So much for favours: three times in the past two years the Chancellor has bailed out the Prime Minister. Each time, on the decision to go to war, over the vote on tuition fees, and in the general election campaign, the thanks have been somewhat short of effusive.
Two people saved Tony Blair at the hustings - Gordon Brown and Michael Howard. The Conservative leader has drawn the appropriate conclusion, setting out a careful timetable for handing over and initiating what might be an important phase of reflection that the Tories have so far shirked. Brown did not set conditions for his co-operation during the election campaign. He worked from the assumption that Blair would enter into some form of cohabitation after 5 May, leading to a smooth and relatively quick succession.
He realised on the morning before polling day, however, that something was afoot. As they chit-chatted during their last couple of joint appearances, Blair suddenly went coy. Brown immediately started to worry. At Labour's victory party, Blair made a brief appearance and thanked those assembled, including Brown only in passing, sandwiched between John Prescott and Alan Milburn. Then during the reshuffle saga a few hours later, the consultations with the Chancellor were cursory.
Behavioural patterns, it seems, do not change. Brown hoped against hope that Blair would respond differently this time.
Blair still managed to convince himself and a couple of people around him that he had received a ringing endorsement from the electorate. He has also taken to suggesting that Brown has not kept to his side of the "bargain", the same line he used to justify his decision to renege on his promise to step down last summer.
With a landslide as a buffer, such altercations could be dismissed during the first two terms of office as little more than power play between rivals. The problem now is deeper. The biggest concern of many MPs is the viability of the Labour Party. Brown's main motive in salvaging the campaign was the knowledge that an even smaller majority would have made his inheritance all the more precarious.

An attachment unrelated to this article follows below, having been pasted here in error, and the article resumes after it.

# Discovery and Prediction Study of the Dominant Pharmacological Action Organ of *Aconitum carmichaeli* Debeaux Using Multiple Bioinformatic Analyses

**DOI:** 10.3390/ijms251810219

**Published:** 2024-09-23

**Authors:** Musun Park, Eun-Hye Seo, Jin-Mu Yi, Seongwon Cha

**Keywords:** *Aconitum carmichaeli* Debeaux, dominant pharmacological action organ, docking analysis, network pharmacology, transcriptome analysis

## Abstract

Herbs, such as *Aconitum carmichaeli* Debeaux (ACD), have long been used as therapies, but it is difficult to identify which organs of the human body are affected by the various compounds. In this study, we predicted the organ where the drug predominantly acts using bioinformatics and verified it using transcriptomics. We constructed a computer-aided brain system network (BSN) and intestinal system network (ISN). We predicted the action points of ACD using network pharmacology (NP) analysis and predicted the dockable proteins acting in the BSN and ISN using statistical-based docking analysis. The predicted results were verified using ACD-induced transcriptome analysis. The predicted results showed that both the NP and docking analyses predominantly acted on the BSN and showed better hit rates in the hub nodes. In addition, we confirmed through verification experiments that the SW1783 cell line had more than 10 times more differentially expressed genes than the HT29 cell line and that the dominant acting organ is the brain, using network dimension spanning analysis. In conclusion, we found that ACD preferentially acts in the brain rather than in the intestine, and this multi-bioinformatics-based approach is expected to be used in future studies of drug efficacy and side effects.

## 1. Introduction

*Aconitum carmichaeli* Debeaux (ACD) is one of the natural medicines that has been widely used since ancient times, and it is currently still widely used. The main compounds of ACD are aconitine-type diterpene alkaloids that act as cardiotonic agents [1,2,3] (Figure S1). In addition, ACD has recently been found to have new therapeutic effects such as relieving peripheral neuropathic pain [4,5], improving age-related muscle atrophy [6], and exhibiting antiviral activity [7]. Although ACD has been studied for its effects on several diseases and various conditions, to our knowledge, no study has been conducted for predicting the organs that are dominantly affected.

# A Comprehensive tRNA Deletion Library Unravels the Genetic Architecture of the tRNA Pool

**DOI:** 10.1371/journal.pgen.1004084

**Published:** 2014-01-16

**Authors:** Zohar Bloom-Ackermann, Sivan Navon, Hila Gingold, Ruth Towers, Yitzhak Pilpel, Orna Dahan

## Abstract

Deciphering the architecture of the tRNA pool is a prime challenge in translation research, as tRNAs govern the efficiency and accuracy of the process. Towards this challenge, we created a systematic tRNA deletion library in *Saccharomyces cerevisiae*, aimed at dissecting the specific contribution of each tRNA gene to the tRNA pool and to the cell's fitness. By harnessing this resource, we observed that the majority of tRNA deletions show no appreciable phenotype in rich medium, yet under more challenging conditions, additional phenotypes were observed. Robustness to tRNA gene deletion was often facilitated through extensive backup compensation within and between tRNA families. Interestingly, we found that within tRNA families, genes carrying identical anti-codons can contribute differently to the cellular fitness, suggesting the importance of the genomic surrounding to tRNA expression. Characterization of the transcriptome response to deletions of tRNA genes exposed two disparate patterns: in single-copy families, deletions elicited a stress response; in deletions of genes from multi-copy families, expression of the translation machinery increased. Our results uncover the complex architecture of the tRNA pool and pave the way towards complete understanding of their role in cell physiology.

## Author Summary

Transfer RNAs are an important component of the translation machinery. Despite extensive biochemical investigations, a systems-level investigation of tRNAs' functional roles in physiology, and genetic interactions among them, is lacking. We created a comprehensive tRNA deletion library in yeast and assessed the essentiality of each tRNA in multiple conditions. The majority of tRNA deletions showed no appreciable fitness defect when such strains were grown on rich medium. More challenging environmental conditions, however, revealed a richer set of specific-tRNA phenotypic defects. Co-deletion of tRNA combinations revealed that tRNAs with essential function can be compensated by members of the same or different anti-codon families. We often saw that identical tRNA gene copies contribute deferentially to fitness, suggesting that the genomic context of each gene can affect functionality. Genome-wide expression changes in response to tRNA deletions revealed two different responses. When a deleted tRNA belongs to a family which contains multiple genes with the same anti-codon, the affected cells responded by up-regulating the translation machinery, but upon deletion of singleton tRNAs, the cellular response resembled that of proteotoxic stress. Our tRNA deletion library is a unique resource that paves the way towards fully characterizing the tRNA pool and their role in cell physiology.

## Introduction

The next few months threaten to resemble the dying years of John Major. The lessons then were that divisions open far more easily than they are healed; disunity (as opposed to healthy open discussion) is disdained by voters; and authority, once lost, is seldom regained. Throw into the mix the possible - one should put it no more strongly than that - rejuvenation of the Conservatives, the wafer-thin majorities of dozens of Labour MPs, and boundary changes that will lop off some if not all of the indefensible advantage Labour enjoyed this month, and the consequences of one or two more years of the status quo become clear.
The hiatus after this "plague on all your houses" election need not be wasted. At a meeting of the pressure group Compass a few days ago, senior figures representing various strands of the party talked of a change in leadership as being a prerequisite, but not a solution in itself. They chewed over the definition of progressive politics. They expressed fears about the haemorrhaging of members and goodwill in the constituencies. They talked about the relationship with the Liberal Democrats and pondered the extent to which their claim to be the radical alternative rang true. They talked about the dilemma of reconciling the needs of floating and core voters, including those elements of working-class support that defected to the BNP or the Tories on the immigration issue.
As these MPs and activists were talking about a new way of conducting government, Blair was finishing off his ministerial appointments by conjuring up jobs for Andrew Adonis, long-time Downing Street Policy Unit wonk, and for the pharmaceuticals multimillionaire and Labour Party benefactor Lord Drayson. Listening and learning obviously mean different things to different people. Adonis's intellect in education is not in doubt, nor is his influence (identified early on in the NS by Francis Beckett), but the message Blair was sending was one of total defiance.
This gives rise to the following conspiracy theory. How far will Blair go to emulate his political role model, Margaret Thatcher? Has he decided to stay until May 2007 to mark his decade in office, a landmark that he has concluded would have been the perfect cut-off point for her? Has he decided that his successor needs a good dose of back-seat driving and second-guessing on the airwaves? Will he do what she did, and undermine his party into ideological and organisational meltdown?
Consider the more sanguine alternative. Perhaps Blair is more determined than his critics might think to lay the ground for a long-term hegemony of the centre left, of making good his promise of a "progressive century". For that to happen requires a different kind of leading, followed by a different kind of leader. There is little sign of either yet.